Tricky shots around the green
You do not come across these shots everyday and they are seldom practiced. Yet I bet in a crucial situation you have had to play one of the following shots and it has caused you to lose strokes! So, let me add some tools to your short game tool box with an explanation of some tricky shots around the green.
Ball against the collar:
There are 4 ways to play this and which one you choose depends on the severity of the collar. The first one is to use the toe of the putter. This works as you have reduced the surface area so you have less to get tangled up in the rough. Make sure that the toe is square when you do this as often it is actually open and the ball squirts right. Make your normal putting stroke keeping your wrists out of the shot as with a regular putt.
You can also blade a wedge. This is a common shot and is low risk. Simply hold the wedge as if it were a putter, shaft high, eyes over the ball etc. Hover the club so that the leading edge is level with the equator of the ball. Then simply make your normal putting stroke and you will thin the ball or top it onto the green. The ball will roll a lot so practice some of these shots to improve your feel.
A 3 wood is another common option. It is played the same as the bladed wedge but has the advantage of being a club with a wide sole so it skids better through the rough. Lastly, a shot that Michael Campbell showed me is to get the ball way outside your right foot. Keeping the left shoulder low make a short 'chop' swing at the ball with your most lofted club. The ball will skid out and then actually check on its way to the hole. A great shot from a tall collar, but needs practice.
There are two ways to hit from the rough. You first need to understand how the club works. On a normal shot off a tight lie you want the front edge to hit the ground to nip the ball off the turf. In the rough the front edge will get tangled in the longer grass. You need the back edge or bounce to allow the club to skid through the rough. So here are two methods, try both and see which you like.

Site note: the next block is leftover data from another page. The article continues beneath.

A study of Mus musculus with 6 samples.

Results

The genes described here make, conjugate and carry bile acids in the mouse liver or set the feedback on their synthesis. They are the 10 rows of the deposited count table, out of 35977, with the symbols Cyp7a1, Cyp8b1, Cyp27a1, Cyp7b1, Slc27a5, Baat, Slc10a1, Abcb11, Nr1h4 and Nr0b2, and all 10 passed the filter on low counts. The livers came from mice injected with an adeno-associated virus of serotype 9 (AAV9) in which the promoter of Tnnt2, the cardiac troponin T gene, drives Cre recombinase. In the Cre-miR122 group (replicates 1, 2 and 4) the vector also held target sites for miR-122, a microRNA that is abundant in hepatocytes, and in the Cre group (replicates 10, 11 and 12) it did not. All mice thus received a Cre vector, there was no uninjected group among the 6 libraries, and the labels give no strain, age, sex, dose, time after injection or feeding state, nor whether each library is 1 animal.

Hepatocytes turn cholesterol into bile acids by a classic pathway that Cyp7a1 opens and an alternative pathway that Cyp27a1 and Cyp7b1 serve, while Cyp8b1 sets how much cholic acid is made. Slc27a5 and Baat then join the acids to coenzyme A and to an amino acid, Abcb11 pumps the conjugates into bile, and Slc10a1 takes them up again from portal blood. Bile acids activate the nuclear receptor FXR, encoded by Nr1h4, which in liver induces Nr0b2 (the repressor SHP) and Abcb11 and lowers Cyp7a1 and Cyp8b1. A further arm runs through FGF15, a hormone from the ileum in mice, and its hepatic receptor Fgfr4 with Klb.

To get the ball out soft, spinny and consistently we have to set up in a way that allows the back edge to skid. Stand open with your body, get the ball in the middle of your stance and lean the shaft back away from the target. Keep the face fairly square as you are going to add loft as you hit it. Make a backswing with little or no hinge, feeling like you drag the club. Then on the way through, scoop your right hand under your left. This goes against what many have been told, but I can assure you that it works. This is the exact shot Michael Campbell used to chip-in on the last hole at Bay hill in 2002 to win $444,000! Again, this shot takes practice but works really well. Make sure that you have plenty of speed in your stroke as the grass slows the club down.
A more conventional way is to stand open with the clubface open getting the ball back a hint. Then make a choppy backswing with a lot of speed. Hitting into the grass like a plugged bunker shot. This works great if you let your wrists scoop a little during the hit so that the back edge can skid. Both shots are effective but I feel the first one is easier and more effective and is favoured by many pros.
Again, the nemesis of this shot is the bounce or back edge of the club. If that makes contact with a sandy lie you will not hit the ball crisply and therefore not hit it far enough. To stop any bounce, a trick is to get the club up on it's toe as there is no bounce there! Simply stand close and tall with the shaft high, much like a putt. Move the ball back and weight left to encourage a downward hit. Then make a putting stroke. The ball will come off the dead area of the toe and will be struck crisply everytime.
Ball above feet, outside the bunker:
This shot is about getting comfortable at address. You have to adjust your legs and feet a lot to get the feeling of being in a level position to hit it. You must grip right down the grip with the ball back a touch. Because of how level and high the shaft is at address the swing is very rounded. All you can do is make a short little stabby stroke. Do not use too much loft as the shaft angle will make the ball go left. So aim a touch right to allow for this.
The buried lie is more psychological than anything. It is actually an easy shot as you have only one option, to blast it out! A good trick that Seve showed a player I teach is to stand wide and dig the feet in, then get the left shoulder low and keep it there throughout the stroke. Breaking the wrists a lot and hitting hard into the ground the ball will pop out. Experiment with the clubface a little. Slightly closed at address makes the club act like an ice cream scoop. But for the more advanced if you open the face and put the heel of the club near the ball you will find that the ball will pop out higher and even have a little backspin!
Firstly, the club you use here is de-lofted due to the slope. So get your lob wedge or most lofted club out! The secret is to get your shoulders parallel to the ground as much as possible as if on level ground. This will take a lot of adjustment of weight and knee bend to get right and feel comfortable, using them much like the independent suspension on a car. You must also aim left and get the ball back a touch or you will hit the slope before the ball. The downhill slope encourages a swing that cuts across the ball, so make sure that you aim left and have the face open to allow for this. Making your backswing you will feel restricted due to the slope stopping your turn. On the way through make sure that you keep your knees as bent as they were at address as the slope encourages you to come up and out of the shot.
All these shots are fun to practice and can save shots at crucial times, so get out there and give them a try!